A preliminary report served as the agency's first draft of an official narrative of the crash, which remains under investigation.
The collision happened just before 6:30 p.m. ET on Feb. 3 at a crossing in Valhalla, New York, where a northbound Metro-North train carrying about 650 people approached a traffic crossing, the report said. It was 20 degrees, with light wind, clear skies and good visibility.
As the train barreled north at 58 mph, the SUV stopped on the tracks. About 300 feet away, the train's engineer sounded a horn and hit the emergency brakes, both in accordance with operating rules, the report said.
At the crossing, warning lights went on, and warning gates closed on the back of the SUV. Witnesses recalled watching the the driver — identified by family and friends as 49-year-old mother Ellen Brody — get out, look at the back of the car, get back in, then begin to drive forward. Four seconds elapsed between when the engineer hit the brakes and the impact, data collected from the train's "event recorder" showed. By then, the train had slowed to 49 mph.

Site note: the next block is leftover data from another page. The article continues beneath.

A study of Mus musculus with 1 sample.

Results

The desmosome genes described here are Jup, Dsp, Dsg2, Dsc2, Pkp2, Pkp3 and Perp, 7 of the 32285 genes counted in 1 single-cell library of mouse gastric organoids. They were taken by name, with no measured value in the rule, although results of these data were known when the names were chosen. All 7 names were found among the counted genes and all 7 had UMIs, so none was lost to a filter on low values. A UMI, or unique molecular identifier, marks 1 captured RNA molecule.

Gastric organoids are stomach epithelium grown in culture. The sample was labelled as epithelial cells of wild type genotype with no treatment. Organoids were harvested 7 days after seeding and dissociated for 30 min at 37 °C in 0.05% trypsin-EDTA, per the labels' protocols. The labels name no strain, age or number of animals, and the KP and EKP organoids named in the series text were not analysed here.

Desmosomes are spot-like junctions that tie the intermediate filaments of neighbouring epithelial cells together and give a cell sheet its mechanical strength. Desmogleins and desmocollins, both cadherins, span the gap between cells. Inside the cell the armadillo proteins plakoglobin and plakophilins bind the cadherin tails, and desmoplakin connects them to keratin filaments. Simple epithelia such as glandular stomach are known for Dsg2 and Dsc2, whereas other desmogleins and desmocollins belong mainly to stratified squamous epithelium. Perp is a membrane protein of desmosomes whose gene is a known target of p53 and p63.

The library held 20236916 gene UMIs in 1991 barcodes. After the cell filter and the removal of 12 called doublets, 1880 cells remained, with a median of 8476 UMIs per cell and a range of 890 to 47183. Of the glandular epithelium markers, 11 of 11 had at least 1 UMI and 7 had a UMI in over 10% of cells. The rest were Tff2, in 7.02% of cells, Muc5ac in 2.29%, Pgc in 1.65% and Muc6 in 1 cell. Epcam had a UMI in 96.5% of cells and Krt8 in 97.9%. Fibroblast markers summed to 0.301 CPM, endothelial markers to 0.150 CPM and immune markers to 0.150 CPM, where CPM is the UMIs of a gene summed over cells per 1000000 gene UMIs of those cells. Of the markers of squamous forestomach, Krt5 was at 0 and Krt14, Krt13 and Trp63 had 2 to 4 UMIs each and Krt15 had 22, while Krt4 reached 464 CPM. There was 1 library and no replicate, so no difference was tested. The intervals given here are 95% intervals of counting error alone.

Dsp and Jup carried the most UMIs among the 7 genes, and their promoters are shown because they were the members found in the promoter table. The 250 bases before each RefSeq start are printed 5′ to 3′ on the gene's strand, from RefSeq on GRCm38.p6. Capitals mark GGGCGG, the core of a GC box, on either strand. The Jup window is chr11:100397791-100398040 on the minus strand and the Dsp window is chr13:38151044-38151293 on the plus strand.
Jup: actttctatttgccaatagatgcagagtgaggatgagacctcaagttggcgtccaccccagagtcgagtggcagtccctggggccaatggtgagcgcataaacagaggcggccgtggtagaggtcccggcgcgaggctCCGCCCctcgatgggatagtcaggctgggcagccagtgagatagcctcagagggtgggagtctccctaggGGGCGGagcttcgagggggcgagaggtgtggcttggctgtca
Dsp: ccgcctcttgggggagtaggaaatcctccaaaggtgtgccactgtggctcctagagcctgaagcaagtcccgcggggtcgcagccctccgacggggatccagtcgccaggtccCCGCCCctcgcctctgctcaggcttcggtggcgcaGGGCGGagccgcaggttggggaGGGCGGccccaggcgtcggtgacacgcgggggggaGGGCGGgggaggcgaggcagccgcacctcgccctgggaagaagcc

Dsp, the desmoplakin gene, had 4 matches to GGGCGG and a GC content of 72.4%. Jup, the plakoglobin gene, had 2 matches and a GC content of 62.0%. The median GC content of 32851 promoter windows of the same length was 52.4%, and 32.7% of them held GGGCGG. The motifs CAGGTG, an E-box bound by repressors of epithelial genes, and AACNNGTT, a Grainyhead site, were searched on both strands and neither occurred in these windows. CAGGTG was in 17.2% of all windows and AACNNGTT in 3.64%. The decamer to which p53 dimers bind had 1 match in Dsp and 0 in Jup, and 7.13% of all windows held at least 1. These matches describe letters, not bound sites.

The collision triggered a fire that consumed the SUV and the lead rail car, which held about 20 passengers, the report said. The eight-car train pushed the SUV north and damaged the electrified third rail, which detached, pierced the SUV and continued into the first car. The train and SUV came to rest about 650 feet from the crossing. Twelve sections of the third rail, each 39 feet long, were found inside the first passenger railcar. Brody and five passengers died, and many more were injured.
The NTSB will conduct a metals examination of the third rail, and take samples from the lead rail car's interior for compliance with fire protection standards, the report said. Metro-North estimated the damage at $3.7 million.